Opportunity Index details county’s shortcomings•
The unemployment rate in Cameron County has fallen steadily since 2011, according to the Opportunity Index, an annual composite measure of states and counties that examines economic, education and civic factors that influence the level of opportunity within a given population.
However, despite the county’s falling unemployment rate, its “opportunity score” is a mere 36.3 out of 100, which earns it a grade of “D plus,” according to the index’s grading system. In state rankings, Texas earned an opportunity score of 36, one point higher than California. The top-scoring state was Vermont, followed by Massachusetts and Connecticut.
The index is a joint project between Measure of America, itself a project of the Social Science Research Council, and Opportunity Nation, a bipartisan campaign to expand economic mobility nationwide.
Cameron County’s grade has risen from a “D minus” since 2011, the first year of the index. Also during that time, the county’s unemployment rate fell from 12.6 percent to 6.7 percent. Last year, the rate was 8 percent, according to the index. Statewide, unemployment is 4 percent. Nationwide, it’s 5.1 percent, according to the index.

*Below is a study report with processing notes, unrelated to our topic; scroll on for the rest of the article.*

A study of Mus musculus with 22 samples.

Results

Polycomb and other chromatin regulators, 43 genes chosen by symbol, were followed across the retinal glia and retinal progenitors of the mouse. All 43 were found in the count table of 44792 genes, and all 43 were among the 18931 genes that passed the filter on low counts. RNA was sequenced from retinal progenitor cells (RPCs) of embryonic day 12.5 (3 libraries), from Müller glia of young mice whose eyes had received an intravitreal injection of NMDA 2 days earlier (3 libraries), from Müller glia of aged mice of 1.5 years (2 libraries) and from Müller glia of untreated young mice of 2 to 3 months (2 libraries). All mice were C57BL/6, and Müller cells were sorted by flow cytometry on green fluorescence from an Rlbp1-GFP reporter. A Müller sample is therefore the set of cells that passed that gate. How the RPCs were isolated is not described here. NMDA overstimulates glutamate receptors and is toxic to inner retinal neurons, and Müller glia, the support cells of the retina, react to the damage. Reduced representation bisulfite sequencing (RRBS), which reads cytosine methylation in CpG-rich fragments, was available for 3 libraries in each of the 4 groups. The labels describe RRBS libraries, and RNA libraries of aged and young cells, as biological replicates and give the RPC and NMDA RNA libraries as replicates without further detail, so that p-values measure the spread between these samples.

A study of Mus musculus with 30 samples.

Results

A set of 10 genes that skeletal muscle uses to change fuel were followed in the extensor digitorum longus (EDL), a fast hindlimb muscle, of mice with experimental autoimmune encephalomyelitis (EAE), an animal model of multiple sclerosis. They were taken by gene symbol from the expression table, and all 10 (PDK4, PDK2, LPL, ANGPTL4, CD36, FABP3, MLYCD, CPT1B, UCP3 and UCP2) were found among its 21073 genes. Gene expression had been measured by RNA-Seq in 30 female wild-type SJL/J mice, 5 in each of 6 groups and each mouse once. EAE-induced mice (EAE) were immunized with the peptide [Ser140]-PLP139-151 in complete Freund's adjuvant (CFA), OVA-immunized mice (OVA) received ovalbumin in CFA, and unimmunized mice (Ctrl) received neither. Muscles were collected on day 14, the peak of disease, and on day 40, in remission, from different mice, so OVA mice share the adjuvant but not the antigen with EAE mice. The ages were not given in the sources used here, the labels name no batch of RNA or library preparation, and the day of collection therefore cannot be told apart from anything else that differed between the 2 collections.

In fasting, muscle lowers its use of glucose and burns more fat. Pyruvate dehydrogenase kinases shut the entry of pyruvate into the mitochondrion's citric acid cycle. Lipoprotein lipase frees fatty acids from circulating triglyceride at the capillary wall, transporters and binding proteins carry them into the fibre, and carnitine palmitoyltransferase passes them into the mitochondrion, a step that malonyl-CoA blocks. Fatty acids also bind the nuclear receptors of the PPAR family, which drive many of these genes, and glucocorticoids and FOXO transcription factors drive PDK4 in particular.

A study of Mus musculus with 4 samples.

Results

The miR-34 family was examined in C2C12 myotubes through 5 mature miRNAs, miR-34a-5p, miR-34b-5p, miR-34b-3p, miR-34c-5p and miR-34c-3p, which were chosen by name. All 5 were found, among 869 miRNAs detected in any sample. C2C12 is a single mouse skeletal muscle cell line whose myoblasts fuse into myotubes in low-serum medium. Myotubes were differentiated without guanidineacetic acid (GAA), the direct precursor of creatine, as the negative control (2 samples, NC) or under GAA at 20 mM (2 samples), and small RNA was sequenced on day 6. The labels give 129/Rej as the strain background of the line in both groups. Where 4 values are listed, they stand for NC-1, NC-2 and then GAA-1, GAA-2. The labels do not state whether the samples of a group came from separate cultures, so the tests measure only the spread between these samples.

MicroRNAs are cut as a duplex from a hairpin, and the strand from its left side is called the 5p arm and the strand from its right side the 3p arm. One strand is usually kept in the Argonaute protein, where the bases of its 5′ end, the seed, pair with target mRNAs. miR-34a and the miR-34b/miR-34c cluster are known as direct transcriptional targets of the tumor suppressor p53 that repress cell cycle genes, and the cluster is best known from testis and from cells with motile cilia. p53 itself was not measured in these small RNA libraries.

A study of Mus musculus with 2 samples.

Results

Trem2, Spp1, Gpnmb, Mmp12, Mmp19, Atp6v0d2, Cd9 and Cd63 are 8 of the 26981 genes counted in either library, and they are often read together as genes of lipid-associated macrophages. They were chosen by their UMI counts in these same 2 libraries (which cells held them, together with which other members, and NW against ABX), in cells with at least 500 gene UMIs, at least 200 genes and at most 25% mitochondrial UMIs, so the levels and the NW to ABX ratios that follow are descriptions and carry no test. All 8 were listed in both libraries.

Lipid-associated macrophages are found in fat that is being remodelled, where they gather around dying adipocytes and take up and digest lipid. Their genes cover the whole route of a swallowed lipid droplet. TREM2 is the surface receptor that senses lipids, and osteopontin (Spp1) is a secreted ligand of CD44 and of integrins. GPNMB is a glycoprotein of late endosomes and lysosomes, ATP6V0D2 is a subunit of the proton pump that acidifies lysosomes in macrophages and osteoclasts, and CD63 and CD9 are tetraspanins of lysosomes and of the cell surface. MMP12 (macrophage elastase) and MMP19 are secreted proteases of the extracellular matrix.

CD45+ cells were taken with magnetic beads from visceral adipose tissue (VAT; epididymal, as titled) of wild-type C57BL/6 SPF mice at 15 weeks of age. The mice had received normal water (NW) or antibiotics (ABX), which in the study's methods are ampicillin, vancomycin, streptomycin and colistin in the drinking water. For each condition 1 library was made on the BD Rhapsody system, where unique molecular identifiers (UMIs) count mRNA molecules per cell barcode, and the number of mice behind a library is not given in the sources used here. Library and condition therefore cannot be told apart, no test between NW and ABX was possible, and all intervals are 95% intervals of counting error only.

The county’s median household income rose slightly, from $30,530 in 2011 to $31,056 in 2015. The percentage of the population living below the poverty line edged down from 35.7 percent to 34.8 percent, much higher than the state and national averages, 17.5 percent and 15.8 percent, respectively.
When it comes to education, specifically the on-time graduation rate (percentage of high school freshmen graduating in four years), the county has seen significant improvement, from 65 percent in 2011 to 87 percent in 2015. Statewide, the on-time graduation rate is 88 percent. Nationally, it’s 81.4 percent.
The county seems to be stuck when it comes the percentage of adults 25 years or older with an associate degree or higher. The percentage was 20.7 in 2011 and it’s 20.9 percent today — hardly an increase.
Thirty-four percent of Texas residents hold an associate degree. Nationally, the figure is 37.7 percent.